In this part of our series of articles about investing in robotics and automation, Brian Gahsman, managing partner and chief investment officer at GBSfunds, gives his view of how new inventors can change the market and what his company, Gahsman Branton, is interested in investing in
Robotics and Automation News: More “maker” and startup companies seem able to produce robotics and automation technology. How will this affect the market?
Brian Gahsman: We are barely on the cusp of seeing the flood of startups that will enter this space. Now that the technology is at a point of cost effectiveness many who for decades were only hobbyists now have the ability to bring their creations to the market.
As that trend increases so will the rate of M&A activity which we are already seeing with companies like Kuka as well as the recent acquisition of SLM Solutions and Arcam by GE in attempt to corner the market in metal based additive 3D printing.
Robotics and Automation News: Is investing in companies which offer industrial IoT solutions part of your agenda?
Brian Gahsman: Yes, being that IoT is basically the brain of the machine. However, I am not interested in investing in mega cap stocks like Cisco, GE, IBM etc. Instead I look for companies in this space who are creating new products that the larger companies are not meeting the demand for.
I prefer companies such as PTC Inc. (PTC) who is spending millions on developing system for the future with focus on industrial automation and augmented reality. Stock’s like PTC tend to dramatically outperform the larger more homogenous companies due to such intense focus on innovation and R&D.
Robotics and Automation News: Can you say what facts or figures help you make investment decisions? What is your investment style?
Brian Gahsman: I use a proprietary blend of analytic styles when selecting potential investments. The first thing that I look for in and company is innovation. What do they have that is different than what’s already out there? What is the potential demand for the technology? Is the company a one trick pony or does it have a diversified pipeline?
For larger established companies I first attempt to determine the market share as opposed to its competitors, if any, and what gives them a competitive advantage. I then analyze the valuation and fundaments of the company. I tend to avoid large companies with high P/E ratios regardless of potential growth. I also look for companies who maintain a high R&D budget focusing on what’s next instead of repackaging the same item until no more can be juiced from it.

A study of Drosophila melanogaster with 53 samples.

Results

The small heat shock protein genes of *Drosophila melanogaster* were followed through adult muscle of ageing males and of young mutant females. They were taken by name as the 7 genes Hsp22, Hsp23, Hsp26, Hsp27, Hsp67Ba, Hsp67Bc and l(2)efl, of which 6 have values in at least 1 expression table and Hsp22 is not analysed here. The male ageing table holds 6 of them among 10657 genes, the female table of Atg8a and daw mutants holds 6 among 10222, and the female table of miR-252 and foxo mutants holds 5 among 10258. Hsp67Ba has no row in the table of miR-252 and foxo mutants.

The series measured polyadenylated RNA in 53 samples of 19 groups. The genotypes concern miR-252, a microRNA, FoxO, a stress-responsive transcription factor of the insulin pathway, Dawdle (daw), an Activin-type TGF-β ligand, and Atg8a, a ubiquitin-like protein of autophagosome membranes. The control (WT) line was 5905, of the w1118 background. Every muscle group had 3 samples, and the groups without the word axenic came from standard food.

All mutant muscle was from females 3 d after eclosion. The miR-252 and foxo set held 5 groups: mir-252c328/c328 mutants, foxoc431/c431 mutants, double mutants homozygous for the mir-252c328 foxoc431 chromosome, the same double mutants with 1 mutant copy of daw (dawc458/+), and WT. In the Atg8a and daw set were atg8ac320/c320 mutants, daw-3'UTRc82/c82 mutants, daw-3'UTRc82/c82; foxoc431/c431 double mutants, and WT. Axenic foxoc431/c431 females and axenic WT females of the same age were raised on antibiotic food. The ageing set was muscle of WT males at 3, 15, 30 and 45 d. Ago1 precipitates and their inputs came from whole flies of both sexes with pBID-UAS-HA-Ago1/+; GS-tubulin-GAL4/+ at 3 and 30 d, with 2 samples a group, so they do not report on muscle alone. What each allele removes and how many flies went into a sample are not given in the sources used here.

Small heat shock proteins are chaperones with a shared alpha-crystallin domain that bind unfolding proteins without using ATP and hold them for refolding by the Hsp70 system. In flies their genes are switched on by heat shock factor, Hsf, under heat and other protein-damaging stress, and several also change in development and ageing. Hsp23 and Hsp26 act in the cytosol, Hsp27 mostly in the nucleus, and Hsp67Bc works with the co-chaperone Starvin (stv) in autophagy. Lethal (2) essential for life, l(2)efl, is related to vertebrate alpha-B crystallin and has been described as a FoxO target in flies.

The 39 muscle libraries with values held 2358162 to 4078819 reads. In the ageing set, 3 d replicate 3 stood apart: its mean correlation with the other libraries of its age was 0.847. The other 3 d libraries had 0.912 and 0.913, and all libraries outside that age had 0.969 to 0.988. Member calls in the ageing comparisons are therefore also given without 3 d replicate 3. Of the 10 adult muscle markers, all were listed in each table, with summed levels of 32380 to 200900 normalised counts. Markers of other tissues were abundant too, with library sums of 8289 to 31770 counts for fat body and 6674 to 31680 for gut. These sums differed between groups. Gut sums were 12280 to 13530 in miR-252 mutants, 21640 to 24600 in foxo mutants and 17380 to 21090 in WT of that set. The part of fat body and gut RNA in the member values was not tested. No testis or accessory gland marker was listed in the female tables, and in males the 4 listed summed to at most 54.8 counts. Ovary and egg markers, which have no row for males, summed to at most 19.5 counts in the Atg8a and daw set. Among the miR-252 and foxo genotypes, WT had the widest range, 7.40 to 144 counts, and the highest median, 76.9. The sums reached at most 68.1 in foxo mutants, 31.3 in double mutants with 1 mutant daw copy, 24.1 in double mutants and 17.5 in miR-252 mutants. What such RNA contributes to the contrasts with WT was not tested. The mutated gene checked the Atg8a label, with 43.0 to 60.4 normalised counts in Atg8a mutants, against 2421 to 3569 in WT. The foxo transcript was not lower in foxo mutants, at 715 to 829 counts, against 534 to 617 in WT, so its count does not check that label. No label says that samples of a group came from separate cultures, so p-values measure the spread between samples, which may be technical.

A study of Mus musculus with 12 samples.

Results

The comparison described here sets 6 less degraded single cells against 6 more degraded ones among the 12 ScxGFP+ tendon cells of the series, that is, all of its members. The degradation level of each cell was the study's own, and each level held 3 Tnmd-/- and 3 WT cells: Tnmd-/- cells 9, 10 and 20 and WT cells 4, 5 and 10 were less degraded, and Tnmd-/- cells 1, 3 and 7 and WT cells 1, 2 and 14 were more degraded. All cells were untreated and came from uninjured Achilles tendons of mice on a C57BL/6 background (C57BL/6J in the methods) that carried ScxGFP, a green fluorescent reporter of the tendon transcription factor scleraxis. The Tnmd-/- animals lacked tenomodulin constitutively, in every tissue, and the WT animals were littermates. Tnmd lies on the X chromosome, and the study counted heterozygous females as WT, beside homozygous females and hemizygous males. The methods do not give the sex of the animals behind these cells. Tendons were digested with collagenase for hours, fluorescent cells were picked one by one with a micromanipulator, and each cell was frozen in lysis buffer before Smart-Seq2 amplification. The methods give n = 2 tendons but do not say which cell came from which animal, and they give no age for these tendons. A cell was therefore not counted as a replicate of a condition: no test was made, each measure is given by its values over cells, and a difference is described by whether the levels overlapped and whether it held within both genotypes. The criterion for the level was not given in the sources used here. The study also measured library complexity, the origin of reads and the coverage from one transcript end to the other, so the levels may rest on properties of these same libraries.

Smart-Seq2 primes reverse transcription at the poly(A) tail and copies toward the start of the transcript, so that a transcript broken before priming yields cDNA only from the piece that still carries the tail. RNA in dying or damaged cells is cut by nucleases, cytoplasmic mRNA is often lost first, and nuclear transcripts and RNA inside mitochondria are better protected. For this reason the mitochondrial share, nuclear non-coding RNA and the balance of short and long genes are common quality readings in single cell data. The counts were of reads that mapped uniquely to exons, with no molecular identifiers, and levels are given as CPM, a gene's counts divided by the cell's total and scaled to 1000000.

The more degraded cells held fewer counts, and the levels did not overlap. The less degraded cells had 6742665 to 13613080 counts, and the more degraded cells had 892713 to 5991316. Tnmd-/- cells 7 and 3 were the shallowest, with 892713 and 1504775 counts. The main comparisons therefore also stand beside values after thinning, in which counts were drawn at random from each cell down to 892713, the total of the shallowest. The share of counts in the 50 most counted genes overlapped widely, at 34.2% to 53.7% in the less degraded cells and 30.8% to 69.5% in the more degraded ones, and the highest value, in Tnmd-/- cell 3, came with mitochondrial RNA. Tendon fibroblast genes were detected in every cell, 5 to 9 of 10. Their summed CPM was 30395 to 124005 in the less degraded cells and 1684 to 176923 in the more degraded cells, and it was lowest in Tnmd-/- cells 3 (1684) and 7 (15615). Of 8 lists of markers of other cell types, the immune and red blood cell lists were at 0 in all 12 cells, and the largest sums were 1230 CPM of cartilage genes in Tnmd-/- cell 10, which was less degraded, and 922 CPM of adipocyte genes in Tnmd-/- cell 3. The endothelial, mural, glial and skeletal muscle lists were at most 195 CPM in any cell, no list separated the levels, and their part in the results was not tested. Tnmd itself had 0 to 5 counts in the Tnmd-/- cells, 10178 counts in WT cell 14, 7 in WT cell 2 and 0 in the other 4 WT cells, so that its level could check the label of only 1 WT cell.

I then look to technical analysis to determine long-term momentum, the stock’s relative strength against its benchmark, trends in trading volumes and high/low points. I am a fan of charts to say the least.
When it comes to startups or companies yet to have earnings I shift my analysis a bit. With these companies the potential demand and market potential of the innovative technology is most important.
I do not invest in companies with a market cap less than $50 million as anything that small tends to get stuck in patterns of both share dilution as well as extreme trading volume fluctuations due to “buy on the news” trading.
I like companies in the final stages of development, ready for production with a slowing rate of cash burn. Are there any big fish circling for a buyout? Fundamental analysis can be difficult with these companies but I definitely look at balance sheet data alongside estimated sales revenues.
For me to select a small startup company it must have a game changing product; I am not interested in companies who take an existing technology and just make it better. These smaller innovation based companies are prone to shorting attacks and extreme price volatility due to extending timelines or M&A chatter.
Technical analysis is a must in this situation, I need to completely understand the trading patterns and behaviors of the particular stock so that I am able to set a specific target price to exit the position. Not to be confused with a trader, these small stocks tend to sky rocket passing their feasible valuation when investors begin to pile in on each other.
I always have a price target and when the stock hits that point I’m out and it becomes someone else’s trade.